Thursday, May 6, 2010

The Great Realignment

A few years ago we started hearing that America's roaring economy was fueled by credit; millions of Americans, including a great many Christians, were up to their ears in debt. The fuel for that roaring economy wasn't just credit but also materialism as millions bought things they didn't need with money they didn't have.

And it was abundantly clear that changing that, getting Americans and especially Christians to refocus their desires and spend less than they earn, would cut our economy off at the knees.

Well, that's no longer a problem. Our economy is on its knees. Millions are out of work. Millions have taken pay cuts or lower paying jobs. Credit is harder to come by. Even the affluent have cut back on their spending — out of caution, guilt, or simply a desire to blend in.

So where do we go from here?

A major disruption in your life presents an opportunity to change bad habits. We're at one. We can decide to do things differently than before.

The "Great Recession" can result in a great realignment. We can re-evaluate what we're going to value. Instead of toys, we can decide to value simple pleasures.

Recently I took a stay-at-home vacation. Originally I did it because I have much more vacation than my wife. (Where am I going to go without her? Why would I want to?)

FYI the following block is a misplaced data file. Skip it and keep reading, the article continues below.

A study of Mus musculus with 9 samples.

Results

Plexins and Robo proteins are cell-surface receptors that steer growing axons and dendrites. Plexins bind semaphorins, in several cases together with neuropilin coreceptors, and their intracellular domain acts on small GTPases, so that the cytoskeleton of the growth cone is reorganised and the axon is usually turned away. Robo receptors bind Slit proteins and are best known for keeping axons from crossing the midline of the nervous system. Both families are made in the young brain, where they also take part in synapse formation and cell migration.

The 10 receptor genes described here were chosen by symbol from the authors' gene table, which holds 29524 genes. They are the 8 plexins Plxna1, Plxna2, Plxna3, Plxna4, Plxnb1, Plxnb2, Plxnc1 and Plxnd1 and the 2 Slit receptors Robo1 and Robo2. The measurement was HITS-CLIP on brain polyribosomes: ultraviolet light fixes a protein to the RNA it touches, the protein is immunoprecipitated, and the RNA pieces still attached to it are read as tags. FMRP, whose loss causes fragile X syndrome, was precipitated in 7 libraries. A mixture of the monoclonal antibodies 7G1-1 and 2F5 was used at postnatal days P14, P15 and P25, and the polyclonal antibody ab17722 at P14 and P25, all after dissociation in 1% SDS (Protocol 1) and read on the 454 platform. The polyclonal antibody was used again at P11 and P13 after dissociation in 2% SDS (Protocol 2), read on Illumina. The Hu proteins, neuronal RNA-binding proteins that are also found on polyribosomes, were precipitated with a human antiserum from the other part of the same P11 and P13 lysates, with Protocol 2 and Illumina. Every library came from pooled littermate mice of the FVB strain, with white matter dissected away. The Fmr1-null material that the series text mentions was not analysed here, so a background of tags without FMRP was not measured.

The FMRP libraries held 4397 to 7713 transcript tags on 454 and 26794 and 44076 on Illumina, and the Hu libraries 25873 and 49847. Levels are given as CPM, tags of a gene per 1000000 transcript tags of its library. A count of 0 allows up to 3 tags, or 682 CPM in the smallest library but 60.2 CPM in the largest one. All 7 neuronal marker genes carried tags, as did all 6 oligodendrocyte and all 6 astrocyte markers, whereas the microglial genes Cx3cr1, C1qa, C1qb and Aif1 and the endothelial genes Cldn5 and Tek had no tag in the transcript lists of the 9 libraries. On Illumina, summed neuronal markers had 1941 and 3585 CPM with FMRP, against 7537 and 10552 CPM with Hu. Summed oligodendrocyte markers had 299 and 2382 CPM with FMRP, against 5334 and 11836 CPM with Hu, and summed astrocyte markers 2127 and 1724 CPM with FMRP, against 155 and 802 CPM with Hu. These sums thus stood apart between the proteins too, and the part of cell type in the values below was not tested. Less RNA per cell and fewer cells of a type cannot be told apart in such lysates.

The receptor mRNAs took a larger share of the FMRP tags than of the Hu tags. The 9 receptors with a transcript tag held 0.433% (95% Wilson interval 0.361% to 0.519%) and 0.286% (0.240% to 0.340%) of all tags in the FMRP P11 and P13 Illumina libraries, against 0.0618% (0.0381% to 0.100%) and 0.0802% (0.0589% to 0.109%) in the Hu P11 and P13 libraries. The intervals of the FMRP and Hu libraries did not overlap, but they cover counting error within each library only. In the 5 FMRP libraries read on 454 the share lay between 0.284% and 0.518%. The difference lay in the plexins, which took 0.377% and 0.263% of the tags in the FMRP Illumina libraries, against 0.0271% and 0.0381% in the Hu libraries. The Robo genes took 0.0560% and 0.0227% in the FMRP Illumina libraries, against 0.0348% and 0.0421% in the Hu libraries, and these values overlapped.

But as it approached, I began to look forward to it more and more. The simplicity was so appealing. Instead of going somewhere with the hassles of driving or flying, I stayed home. Instead of bustling the kids around on a schedule of all the sights we wanted to see, I sat in my reading chair. No hotels, no looking for a decent restaurant, no packing or unpacking. I slept in my bed, ate in my kitchen, watched my tv, read my books, and generally had a marvelous, relaxing week. And my expenses that week were less than they would have been if I'd gone to work — and much less than if I'd gone to Disneyland.

Now I plan to make it an annual event — hopefully even with my wife.

I read a while back that in Finland they don't have big houses or nice cars but enjoy a quiet, simple life. (In part, because of their confiscatory tax system, which we do not need to emulate.) I hope and pray we can move in that direction, if not all Americans, at least the American church.

If we live a lifestyle that allows us to give away 10% of our income and save 10% of our income, we'll find a happiness that can't be bought for 110% of our income.